How to act in the event of volcanic air pollution:“Action guide for high levels of volcanic pollution” from the IARC.



Figure 1.- View of the La Palma volcanic plume from the IZO tower  (on the horizon to the right of Teide), on 3 November 2021. In the foreground, the air intake for SO2 measurement. At the base of volcano Teide you can see a layer of volcanic air pollution that reached the Observatory that day. (Photo: C. Bayo)


The injection of gases and particles into the atmosphere constitutes one of the main dangers associated with volcanic activity, affecting air quality and, therefore, human health. The volcanic plume is dispersed in the predominant wind direction of the atmospheric layer in which it has been injected, being able to affect sites far away from the source of emission in a very significant way (figure 2).

Figure 2.- Output of the AEMET operational model, MOCAGE (in accident mode), which shows the expected evolution of the plume generated by the La Palma volcano, for the early hours of 10/13/2021, at the 700hPa level (approximate IZO altitude).


Due to the transport of the volcanic plume injected into the lower-middle layers of the troposphere during the eruption, the levels of sulphur dioxide (SO2) measured at IZO were sometimes higher than the values measured at the air quality stations located at  La Palma Island, a few kilometers from the volcano. Natural pollution levels were higher than the pollution thresholds established by the European air quality directives (EC, 2008) and in the WHO (World Health Organization) Air Quality Guidelines (WHO, 2021) (figure 3).

Figure 3.- Daily mean values of SO2 at IZO, between 09/19/2021 and 11/08/2021 (red dotted line: VLD equal to 40 μg/m3 according to the WHO Guideline; orange dotted line: VLD equal to 125 μg/m3 of the EC air quality directives). VLD: daily limit value.


Given the first episode of very high levels of volcanic SO2 recorded at IZO, IARC established an internal procedure aimed at minimizing the health risks associated with the presence of volcanic pollution. As part of the operating procedure, an alert system with a web interface was developed, which facilitated real-time monitoring of SO2 concentrations (figure 4). The alert system was based on the information collected in international guidelines, published by Health Departments and by International Volcanic Risk Networks of regions where exposure to the volcanic pollution is much more common, such as Hawaii or Iceland, and in the thresholds established by the European Commission (EC, 2008) and the WHO (WHO, 2021).


Figure 4.- Alert system for high levels of volcanic pollution at IZO, applied between 11/02/2021 (21h) and 11/03/2021 (09h). Upper graph, ten-minute mean concentrations of SO2; lower graph, hourly concentrations of SO2. The “circle” indicates, through a colour code, the alert phase in which IZO is in accordance to the SO2 concentration; phase that has its specific actions to follow.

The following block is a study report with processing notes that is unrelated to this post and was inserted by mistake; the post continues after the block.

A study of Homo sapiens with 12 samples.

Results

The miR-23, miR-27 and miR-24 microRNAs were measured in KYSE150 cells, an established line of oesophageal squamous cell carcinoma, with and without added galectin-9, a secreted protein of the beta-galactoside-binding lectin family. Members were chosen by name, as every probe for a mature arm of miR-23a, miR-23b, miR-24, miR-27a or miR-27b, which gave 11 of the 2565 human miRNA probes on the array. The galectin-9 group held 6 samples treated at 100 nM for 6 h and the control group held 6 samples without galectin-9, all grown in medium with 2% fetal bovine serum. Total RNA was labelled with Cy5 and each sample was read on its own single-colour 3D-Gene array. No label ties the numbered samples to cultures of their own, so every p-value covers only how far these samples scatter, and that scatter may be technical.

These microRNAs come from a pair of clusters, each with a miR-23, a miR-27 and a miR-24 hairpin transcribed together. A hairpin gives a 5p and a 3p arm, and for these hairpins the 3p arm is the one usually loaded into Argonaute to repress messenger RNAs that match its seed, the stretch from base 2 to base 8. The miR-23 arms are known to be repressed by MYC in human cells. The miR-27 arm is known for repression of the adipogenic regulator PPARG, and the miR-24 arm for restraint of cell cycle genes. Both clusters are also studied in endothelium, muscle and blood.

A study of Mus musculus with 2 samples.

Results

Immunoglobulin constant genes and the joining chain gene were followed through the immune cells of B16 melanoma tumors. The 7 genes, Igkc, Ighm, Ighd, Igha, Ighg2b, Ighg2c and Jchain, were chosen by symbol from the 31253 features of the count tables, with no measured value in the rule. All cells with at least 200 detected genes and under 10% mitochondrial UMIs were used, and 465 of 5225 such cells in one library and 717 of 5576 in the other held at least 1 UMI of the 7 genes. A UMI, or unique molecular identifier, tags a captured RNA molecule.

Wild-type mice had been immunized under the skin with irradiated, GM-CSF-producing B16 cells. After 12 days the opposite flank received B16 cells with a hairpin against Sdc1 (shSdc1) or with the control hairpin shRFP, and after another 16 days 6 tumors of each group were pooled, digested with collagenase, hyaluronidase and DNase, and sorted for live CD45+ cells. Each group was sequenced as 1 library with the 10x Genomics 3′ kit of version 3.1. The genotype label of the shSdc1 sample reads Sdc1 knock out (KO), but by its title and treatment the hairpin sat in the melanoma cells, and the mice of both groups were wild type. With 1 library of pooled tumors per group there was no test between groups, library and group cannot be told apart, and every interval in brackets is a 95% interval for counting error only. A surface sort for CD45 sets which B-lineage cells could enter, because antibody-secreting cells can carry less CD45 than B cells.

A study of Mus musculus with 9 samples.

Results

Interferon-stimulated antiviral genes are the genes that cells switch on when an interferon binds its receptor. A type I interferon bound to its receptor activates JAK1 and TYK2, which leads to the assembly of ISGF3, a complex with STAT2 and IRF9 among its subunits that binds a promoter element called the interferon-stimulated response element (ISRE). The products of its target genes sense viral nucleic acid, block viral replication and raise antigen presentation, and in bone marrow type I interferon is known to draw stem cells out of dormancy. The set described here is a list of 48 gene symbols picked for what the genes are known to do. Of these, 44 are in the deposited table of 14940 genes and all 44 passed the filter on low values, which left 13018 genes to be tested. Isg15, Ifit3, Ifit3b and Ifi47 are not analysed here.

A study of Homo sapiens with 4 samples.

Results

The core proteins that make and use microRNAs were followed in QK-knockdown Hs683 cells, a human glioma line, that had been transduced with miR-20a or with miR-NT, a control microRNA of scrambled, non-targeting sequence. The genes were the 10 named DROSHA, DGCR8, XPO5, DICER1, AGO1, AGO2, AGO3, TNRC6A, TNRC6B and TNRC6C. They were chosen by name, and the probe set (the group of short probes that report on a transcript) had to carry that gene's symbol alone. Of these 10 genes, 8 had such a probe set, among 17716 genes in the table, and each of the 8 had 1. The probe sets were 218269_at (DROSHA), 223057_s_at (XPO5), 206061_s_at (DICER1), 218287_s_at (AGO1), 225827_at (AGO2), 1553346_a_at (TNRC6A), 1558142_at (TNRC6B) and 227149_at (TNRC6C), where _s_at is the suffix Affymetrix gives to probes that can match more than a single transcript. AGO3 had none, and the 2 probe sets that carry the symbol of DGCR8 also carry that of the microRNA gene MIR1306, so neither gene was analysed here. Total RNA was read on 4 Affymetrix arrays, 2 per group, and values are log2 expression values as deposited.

From this emergency IZO procedure, an “Action guide for high levels of volcanic pollution. Izaña Atmospheric Observatory” has been elaborated and published by AEMET (Prats et al., 2022) (figure 5), whose objective is to present the bases for the establishment of control and prevention procedures aimed to mitigate the impact of exposure to volcanic air pollution on health. The guide compiles information from other international guides, prepared for other regions, and provides a reasoned explanation of the thresholds and recommended actions to follow in these situations. So, this guide aspires to be the basis of similar procedures to be developed for other areas when affected by volcanic pollution in the future.


Figure 5.- Cover of the “Action guide for high levels of volcanic pollution. Izaña Atmospheric Observatory”, published by AEMET (


Full reference:

The guide can be downloaded at:


EC, 2008, Directive 2008/50/EC of the European Parliament and of the Council of 21 May 2008 on ambient air quality and cleaner air for Europe (OJ L 152, 11.6.2008, pp. 1-44);, último acceso noviembre 2022.

Prats, N., Torres, C., Bayo, C., Ramos, R., Cuevas, E., (2022), Guía de actuación ante niveles altos de contaminación volcánica. Observatorio Atmosférico de Izaña. Ministerio para la Transición Ecológica y el Reto Demográfico, Agencia Estatal de Meteorología, Madrid, 2022,

WHO, 2021, Global air quality guidelines. Particulate matter (PM2.5 and PM10), ozone, nitrogen dioxide, sulfur dioxide and carbon monoxide. Ginebra: World Health Organization;, último acceso noviembre 2022, licencia: CC BY-NC-SA 3.0 IGO.